Circling her thumb and index finger to make a zero, Tatyana Chernetskaya sums up how many clients her Crimean firm has one year after Russia took over the peninsula: "None."
While many supporters of annexation of the Black Sea province from Ukraine expected to be better off under Moscow's rule, business in Crimea is strangled by economic isolation, Western sanctions, and local authorities nationalising key Ukrainian firms.
Chernetskaya's firm, which produces accounting software, has had to fire most of the 55-strong staff, leaving just five. They lost over 3,000 clients in mainland Ukraine after telephone and banking communications were cut in the wake of Russia's annexation.
And the few local clients were pressured by the new Russian authorities to dump her software and switch to a Russian-made programme.
In the company's office, Ukrainian certificates still hang on walls and boxes packed with obsolete paperwork await disposal by the front door.
She voted to join Russia in the referendum held in Crimea last March and has a portrait of Russian President Vladimir Putin hanging in her office.
Her "very typical" hardships are the fault of corrupt local officials and "senseless" Western sanctions, not the Kremlin, she insists, even if she describes the transition to Russian tax and labour laws as overwhelming.
"It's as if I fled as a refugee to a new country and have to start my life from scratch," she said. "There is a feeling that you are in some sort of nowhere-land. You've been left behind in that previous life, while here you have nothing."
- Crimea under isolation -
Many people on the peninsula who voted to join Russia last year were lured by the prospects of better economic opportunities.
But Ukraine has cut most transport and communications links, while Western sanctions ban investment and restrict work of US and European companies. Visa and Mastercard do not work and it's difficult to exchange currency.
All this scares even major Russian firms from operating in Crimea.
The resulting economy is cash-based, with erratic supplies from Russia's southern Krasnodar region, with which Crimea shares an unreliable ferry link over the Kerch Strait.
Shortages are manifest in thinly-stocked local supermarkets, where many shelves just have a single row of identical goods, reminiscent of the Soviet era.
The separation of Crimea from Ukraine has dealt a devastating blow to the photogenic region's once-booming tourism industry, with tourist numbers dropping from 5.9 million in 2013 to 3.8 million in 2014, despite Russia's efforts to subsidise package tours.
Ukrainians, who previously made up over 65 percent of tourists, did not come to Crimea's beaches last summer, said Yelena Attestatova, who runs a travel agency.
International cruise ships also stayed away, leaving Russians as about the only customers.
"We are waiting for things to normalise," Attestatova said. "What else is there to do?"
Western sanctions have led to the closure of McDonalds fast-food outlets and Shell gas stations, and pushed workers dependent on global companies to relocate.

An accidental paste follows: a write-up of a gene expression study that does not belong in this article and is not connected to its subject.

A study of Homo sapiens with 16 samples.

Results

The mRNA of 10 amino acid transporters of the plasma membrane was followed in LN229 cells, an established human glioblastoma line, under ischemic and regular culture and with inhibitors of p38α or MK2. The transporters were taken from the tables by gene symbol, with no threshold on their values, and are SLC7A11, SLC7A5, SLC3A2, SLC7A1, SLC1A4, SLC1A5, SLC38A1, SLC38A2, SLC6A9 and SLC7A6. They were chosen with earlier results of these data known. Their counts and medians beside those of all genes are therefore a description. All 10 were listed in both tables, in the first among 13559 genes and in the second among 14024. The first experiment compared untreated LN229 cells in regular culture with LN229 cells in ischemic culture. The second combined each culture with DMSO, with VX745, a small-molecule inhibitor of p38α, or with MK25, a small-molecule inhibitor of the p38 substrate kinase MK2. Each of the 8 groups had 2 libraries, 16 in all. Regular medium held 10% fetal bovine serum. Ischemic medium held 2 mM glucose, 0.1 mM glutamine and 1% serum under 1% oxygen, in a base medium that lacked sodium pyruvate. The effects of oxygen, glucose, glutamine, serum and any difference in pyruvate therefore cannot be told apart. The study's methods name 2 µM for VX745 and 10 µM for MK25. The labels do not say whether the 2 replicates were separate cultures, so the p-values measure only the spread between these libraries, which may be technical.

"I couldn't figure out why I must suffer and look for ways to circumvent (the sanctions) if I can easily work somewhere else," said Pavel Berman, a Russian who came to Crimea last spring to develop an IT business but who became disillusioned and recently went back home to Saint Petersburg.
"Nobody expected this isolation," he told AFP by phone, complaining that eBay, PayPal, Google and Apple are blocked in Crimea.
"You can get around these bans through VPNs, but each time it takes more time," he said.
- 'Our worst nightmare' -
Aside from the struggles of small business, large Ukrainian-owned companies have undergone so-called "nationalisation" after being raided by local paramilitary units, most recently telephone and power providers Ukrtelekom and Krymenergo.
This month the armed men -- who last year helped take over government buildings and army bases and were never disbanded -- came to Massandra, the iconic Crimean wine producer which has operated since the tsarist era and was last year put under control of the Kremlin's property management office.
In a letter to Putin this month, the company said its operations and staff of 2,500 are at risk due to "utter incompetency and unquenchable profiteering" of the new owners and the Crimean authorities, who are pressuring the company to cede valuable coastal land where its vineyards are located.
"When we voted for returning Crimea to Russia..., we could not have imagined such consequences in our worst nightmares," said the letter, posted on Ukrainian websites.
Reached by phone, Massandra director Nikolai Boiko said the ordeals have caused him so much stress that he is in hospital with heart problems.
Meanwhile Chernetskaya, the owner of the software firm, said she has taken up painting as a new source of income and is thinking of emigrating to Poland since one of her grandfathers executed under Stalin had Polish roots.
Her portrait of Putin gazes over application forms and Polish language-teaching CDs strewn on her desk.
"My business is dying," she said. "It's not Putin's fault -- it's just... life."